Back to the NBA Journey, Week Eighteen: Similar Game Knowledge

The 2018-19 NBA season is now past its All-Star break. The Association still believes that its destination will be another championship for the Golden State Warriors. But that doesn't mean we can't enjoy the season as a whole. Last year was wonderful, so let's return to the path. Let's go back on the Journey.

Song of the Week: Yesterday's New Quintet - "The One Who Knows"

Some weeks back, we stopped on the Journey at the junction where there's a difficulty spike in the game. Once the game adjusts to the player's initial skill level, it amplifies the challenges. This applies to those second-year and fairly young players who tend to struggle because they've yet to fully adapt to those challenges. This week, we will stop at another junction where difficulty can vary based on the individual's adaptability.

When there are multiple installments of video games — in particular, fighting games — there are new gameplay mechanics. But there is also a core element to each of the games. For example, the Mortal Kombat series has had many additions to its play. From the "run" system in Mortal Kombat 3 to the variation system in Mortal Kombat X, each iteration brings something new. However, every game has had the same button layout for attacking and blocking. There are always two punch buttons and two kick buttons to go along with the button for blocking. The same goes for the Street Fighter series, which has added things like super meters, focus attacks and parrying, but has kept the three-punch/three-kick layout since its inception in 1987. This is done so players who've been around for multiple installments don't have to learn an entirely new system along with characters and strategies. At the very least, the buttons are the same.

Even casual followers of the NBA are aware that Dallas Mavericks rookie sensation Luka Doncic is having a spectacular start to his career. He is on pace to be the first rookie since Oscar Robertson to average at least 20 points, seven rebounds and five assists per game. The best part about this season for him is that he possesses a surety in his moves that most players take a few years to develop. Even while they're effective, there are only a handful of rookies who appear to be so advanced based on the way they approach the game.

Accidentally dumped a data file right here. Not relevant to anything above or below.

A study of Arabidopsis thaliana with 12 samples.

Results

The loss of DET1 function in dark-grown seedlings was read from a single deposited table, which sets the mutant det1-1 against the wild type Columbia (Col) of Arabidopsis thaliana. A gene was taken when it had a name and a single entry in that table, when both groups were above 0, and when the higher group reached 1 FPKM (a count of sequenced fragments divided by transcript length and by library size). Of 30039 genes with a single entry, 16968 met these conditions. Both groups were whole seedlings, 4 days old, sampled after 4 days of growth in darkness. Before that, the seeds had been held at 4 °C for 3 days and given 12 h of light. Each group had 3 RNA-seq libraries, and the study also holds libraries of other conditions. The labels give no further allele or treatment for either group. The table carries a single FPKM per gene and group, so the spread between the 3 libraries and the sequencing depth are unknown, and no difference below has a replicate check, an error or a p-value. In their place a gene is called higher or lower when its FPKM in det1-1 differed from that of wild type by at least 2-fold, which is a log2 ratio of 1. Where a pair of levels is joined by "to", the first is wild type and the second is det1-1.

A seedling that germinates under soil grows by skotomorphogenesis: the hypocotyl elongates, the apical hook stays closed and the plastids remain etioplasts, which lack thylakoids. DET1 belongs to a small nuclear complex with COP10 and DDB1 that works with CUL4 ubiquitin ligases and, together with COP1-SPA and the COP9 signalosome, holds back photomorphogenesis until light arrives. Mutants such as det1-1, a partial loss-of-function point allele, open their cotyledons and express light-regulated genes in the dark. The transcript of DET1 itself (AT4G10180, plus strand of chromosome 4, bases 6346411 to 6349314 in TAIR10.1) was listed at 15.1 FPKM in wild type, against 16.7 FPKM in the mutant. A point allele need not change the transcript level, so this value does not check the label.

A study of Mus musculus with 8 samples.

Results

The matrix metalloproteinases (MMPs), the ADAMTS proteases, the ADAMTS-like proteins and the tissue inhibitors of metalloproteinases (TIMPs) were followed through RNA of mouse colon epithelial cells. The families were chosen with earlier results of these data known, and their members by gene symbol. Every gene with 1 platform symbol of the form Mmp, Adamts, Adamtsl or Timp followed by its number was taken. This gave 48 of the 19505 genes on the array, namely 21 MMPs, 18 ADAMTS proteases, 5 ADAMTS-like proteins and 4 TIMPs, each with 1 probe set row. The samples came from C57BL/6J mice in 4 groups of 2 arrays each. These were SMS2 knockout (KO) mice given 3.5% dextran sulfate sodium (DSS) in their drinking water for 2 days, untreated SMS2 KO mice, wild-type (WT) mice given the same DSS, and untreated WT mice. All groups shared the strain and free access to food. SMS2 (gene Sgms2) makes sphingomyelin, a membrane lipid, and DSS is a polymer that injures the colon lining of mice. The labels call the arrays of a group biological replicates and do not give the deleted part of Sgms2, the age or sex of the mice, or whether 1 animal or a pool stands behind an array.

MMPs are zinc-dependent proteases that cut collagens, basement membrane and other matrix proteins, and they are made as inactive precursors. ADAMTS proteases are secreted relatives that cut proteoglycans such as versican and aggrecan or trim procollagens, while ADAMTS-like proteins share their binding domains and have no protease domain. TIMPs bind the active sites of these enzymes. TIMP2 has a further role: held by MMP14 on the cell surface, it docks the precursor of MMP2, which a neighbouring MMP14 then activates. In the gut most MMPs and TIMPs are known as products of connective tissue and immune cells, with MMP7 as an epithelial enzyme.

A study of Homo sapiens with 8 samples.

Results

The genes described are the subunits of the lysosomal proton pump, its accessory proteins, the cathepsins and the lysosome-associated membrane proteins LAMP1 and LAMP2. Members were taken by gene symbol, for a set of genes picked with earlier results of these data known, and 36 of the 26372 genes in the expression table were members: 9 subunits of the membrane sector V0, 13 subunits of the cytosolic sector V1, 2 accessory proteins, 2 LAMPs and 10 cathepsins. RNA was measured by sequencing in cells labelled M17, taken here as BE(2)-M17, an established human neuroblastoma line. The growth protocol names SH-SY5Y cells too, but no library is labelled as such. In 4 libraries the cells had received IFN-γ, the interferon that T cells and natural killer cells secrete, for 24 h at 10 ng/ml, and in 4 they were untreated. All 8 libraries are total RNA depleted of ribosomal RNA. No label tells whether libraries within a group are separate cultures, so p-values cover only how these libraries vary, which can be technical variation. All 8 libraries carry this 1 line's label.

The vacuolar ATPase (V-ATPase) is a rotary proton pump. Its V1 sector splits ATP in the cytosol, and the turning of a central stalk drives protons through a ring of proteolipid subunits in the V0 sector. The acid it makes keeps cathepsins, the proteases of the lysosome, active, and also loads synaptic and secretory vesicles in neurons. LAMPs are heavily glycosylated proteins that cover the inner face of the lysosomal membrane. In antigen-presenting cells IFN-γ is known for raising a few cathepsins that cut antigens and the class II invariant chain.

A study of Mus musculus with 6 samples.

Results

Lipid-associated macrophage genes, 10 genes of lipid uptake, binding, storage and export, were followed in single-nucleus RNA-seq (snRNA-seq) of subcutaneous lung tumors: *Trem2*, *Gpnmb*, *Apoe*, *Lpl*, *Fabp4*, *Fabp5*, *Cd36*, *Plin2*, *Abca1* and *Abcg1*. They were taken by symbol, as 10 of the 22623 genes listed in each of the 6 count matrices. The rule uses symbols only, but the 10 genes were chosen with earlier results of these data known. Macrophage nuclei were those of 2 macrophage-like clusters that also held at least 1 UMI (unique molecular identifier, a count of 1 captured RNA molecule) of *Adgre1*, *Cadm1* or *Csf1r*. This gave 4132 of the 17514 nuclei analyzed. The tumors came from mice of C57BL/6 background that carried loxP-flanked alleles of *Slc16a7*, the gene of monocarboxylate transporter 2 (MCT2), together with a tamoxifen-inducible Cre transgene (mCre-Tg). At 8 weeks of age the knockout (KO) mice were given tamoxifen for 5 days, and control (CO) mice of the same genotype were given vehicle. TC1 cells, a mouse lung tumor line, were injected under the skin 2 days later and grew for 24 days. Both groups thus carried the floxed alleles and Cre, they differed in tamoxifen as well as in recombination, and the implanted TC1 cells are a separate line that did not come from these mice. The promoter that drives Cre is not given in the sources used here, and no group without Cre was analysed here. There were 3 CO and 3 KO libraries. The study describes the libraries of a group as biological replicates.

For perspective, Atlanta Hawks rookie Trae Young and Phoenix Suns center Deandre Ayton are averaging more assists and rebounds than Doncic, respectively. Of course, the Mavericks having a better team season than the Hawks and Suns (though none of these teams are playoff contenders) helps the narrative of Luka being so good. However, there is something to note about Luka's basketball career before the NBA that may have helped him.

Doncic's Euroleague career has helped prepare him for early NBA success. (Solo Basket/Guzman Villaron)

Prior to being drafted 3rd overall, Doncic was the Euroleague MVP — the youngest ever winner of the award. That season, he averaged 14 points, five rebounds and five assists. While those are not eye-popping numbers compared to his year in the NBA, the fact he was able to be successful in another professional league as a teenager could have provided the foundation for him to successfully start his NBA career. He has to learn new defenses and a different tempo and flow to the game. He has to even deal with a different literal feel of a NBA basketball versus its Euroleague counterpart. But because he already has knowledge of what it means to be a professional basketball player, that allows for the transition to be easier for him. He's even commented on this, saying that it's, "easier to score in the NBA." Whether or not that's actually true does not matter when it is understood that Doncic is using a simple idea to help him be productive: he operates from what he knows.

Instead of concentrating on what he does not know or have, Doncic uses what he does possess — high basketball smarts and impeccable footwork and ball control — to be effective. He looks in control because he isn't trying to do too many things that he cannot do. Despite the Mavericks not being an elite team at the moment, Doncic gives the franchise hope that as he gets better at this game, the team's win total will improve. As his career unfolds, Luka Doncic's previous years as a teenage professional will serve him well as he adapts to a new and different installment of pro basketball.

Post All-Star Blurbs!

  • For the final time, LeBron James and Dwyane Wade took the floor as teammates in Sunday night's All-Star Game. Wade scored seven points in his final appearance, but it was an alley-oop to his longtime friend and former teammate LeBron James that served as a memorable highlight for the duo. This tweet from @treyzingis juxtaposes Sunday's connection with the amazing photo of LeBron finishing a Wade pass while they were Miami Heat teammates. Cheers to Dwyane Wade on an incredible career and at least one more outstanding basketball memory.
  • Boston Celtics forward Jaylen Brown has been promoted to Vice President of the National Basketball Players Association. While players are still fairly young in age, relatively, the 22-year-old Brown receiving such a high position allows for a better transition to the next generation of players and helps keep the United States' most progressive males pro sports league headed in a positive direction. Congratulations to Jaylen Brown and I hope he does an excellent job.
  • This week's Hooper Appreciation Blurb goes to the entire city of Charlotte for hosting an incredible All-Star Weekend. From the events on the court, to the parties and charity events, last Sunday's game, the North Carolina city did a fantastic job of being an NBA summit for a few days. Let's hope everyone is recharged and we get some amazing basketball for these final 25 games or so.

Eighteen weeks in, and the journey continues. Happy NBA, folks.